The Role of Estimates and Expectations
A pop quiz question in my college physics class asked:
How many piano tuners are there in New York City? Show your work.
We had 5 minutes. This was pre-internet.
Not being from New York City, nor having ever played much less tuned a piano, I had little to go on. We didn’t have access to a phone book or any suitable reference.
We did have the power of logic though.
I could have simply guessed, say 123 piano tuners. The work to show was a bit scant, yet I could write down it was simply a guess.
Create Set of Possible Bounds
Given NYC is a big city, with about 5 million people (even this was a guess for someone from Northern Wisconsin), and it stood to reason that not everyone in the city was a piano tuner, therefore I could set the upper bound at 5 million.
For the lower bound, it would be possible, though not likely there were no tuners in the city, thus a lower bound of zero.
This didn’t help much in creating an estimate.
No Everyone has a Piano, nor Tunes it Regularly
Then I struck on the path of creating an estimate of the number of pianos that may require tuning. Let’s assume that 1 in 1,000 people have a piano, that suggest there are 5,000 pianos in the city.
Let’s assume each of these piano’s are tuned at least once a year on average. Some more and some never. That means there likely is enough tuners to tune each piano in the city once a year.
How long does it take to tune a piano? Here again I have no clue and suspect some jobs are quick while others may take all day or longer. Let’s say with travel, setup, and actual tuning it takes an average of 4 hours. That means in a year there is enough work to fill about 20,000 hours.
A full time job is 40 hours a week for 50 weeks, or 2,000 hours. Thus it would take 10 full time tuners to tune 5,000 pianos each year in NYC.
My answer is 10.
You’re estimate may differ.
Why Were We Asked This Question?
Upon reading the question I suspect all of my fellow students wondered if we were in the right classroom. What was the point of knowing the number of piano tuners in NYC?
Of course, the lesson that day went on to extoll the necessary step of guessing. Of creating a reasonable estimate before setting out to run an experiment or run the calculations.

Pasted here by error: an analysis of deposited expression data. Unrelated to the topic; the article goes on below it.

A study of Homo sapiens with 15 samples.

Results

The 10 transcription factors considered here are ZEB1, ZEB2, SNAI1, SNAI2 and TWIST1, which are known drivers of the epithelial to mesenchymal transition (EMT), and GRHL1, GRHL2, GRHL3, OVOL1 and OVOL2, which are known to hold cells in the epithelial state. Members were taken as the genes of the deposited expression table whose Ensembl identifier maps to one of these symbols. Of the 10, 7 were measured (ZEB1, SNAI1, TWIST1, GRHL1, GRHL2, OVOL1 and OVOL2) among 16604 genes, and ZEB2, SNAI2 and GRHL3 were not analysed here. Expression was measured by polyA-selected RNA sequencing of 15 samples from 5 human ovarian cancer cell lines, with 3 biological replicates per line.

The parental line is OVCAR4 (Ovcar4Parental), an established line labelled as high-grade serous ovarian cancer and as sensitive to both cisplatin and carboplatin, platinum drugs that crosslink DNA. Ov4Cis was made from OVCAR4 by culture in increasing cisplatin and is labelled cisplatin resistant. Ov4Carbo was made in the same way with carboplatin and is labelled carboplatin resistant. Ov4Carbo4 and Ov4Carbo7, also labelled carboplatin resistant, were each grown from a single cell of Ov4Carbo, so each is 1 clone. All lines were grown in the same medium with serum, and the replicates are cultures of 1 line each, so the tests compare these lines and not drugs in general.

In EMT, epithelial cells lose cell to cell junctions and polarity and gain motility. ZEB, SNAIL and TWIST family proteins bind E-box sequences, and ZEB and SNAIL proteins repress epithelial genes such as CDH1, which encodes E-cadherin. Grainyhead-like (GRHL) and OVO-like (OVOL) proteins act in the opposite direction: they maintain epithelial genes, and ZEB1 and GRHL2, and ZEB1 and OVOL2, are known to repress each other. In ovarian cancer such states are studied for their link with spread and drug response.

The idea was the need to set an expectation of what the answer or results should be before looking for the results.
Preparing to Be Surprised
The idea of creating a quick, and reasonable, estimate is an acquired skill. It’s a bit of experience, a bit of logic, and a bit of guessing. The idea is to create a future state that permits you to compare the results obtained with the expected results.
If the results match the estimates, you have confirmed with data what you previously only guessed. If the result does not match, you have been surprised.
Being surprised leads to learning something new. To scientific discovery. To the ability to uncover previously unknown truths.
Follow Up on Being Surprised
There are a number of reasons your estimate is not matching the results.
I may have made one or more faulty assumptions. For example, what is it takes a full day to tune a piano and full time work only includes 4 piano tunings per week. Instead of 10 tuners, we would need more to cover the work.
With more than 5 minutes, and now with Google’s search engine, we can refine our many assumptions to improve our estimate.
Yet even with reasonable assumptions, we may not have considered all the salient factors that influence the result. For example, how about the number of part time tuners, or those dedicated to a specific property, like Carnegie Hall. Again including these considerations would have increased my estimate.
Also, when setting up an experiment or doing mathematical calculations, the difference may reveal a basic mistake in either the estimate or the calculation. During the class discussion, we talked about estimating the mass of an object. If the result of our measurements resulting in a negative number, we would have a difference from our initial guess worth exploring.
Finally, the difference may suggest something unexpected occurred. Something that may lead to a new material, novel solution, or fundamental principle.
By not being prepared to be surprised, we may view the result of the experiment or calculation as simply a result. We may miss the significance of the result (or the possibility of an error that tainted the result).
When you next sit down to design an experiment or grab your calculator (or spreadsheet) stop for a moment and set your expectations. Write it down. Then be prepared to be surprised.
PS: if anyone knows how many piano tuners there actually are in NYC I would be interested in using that number to compare to my estimate.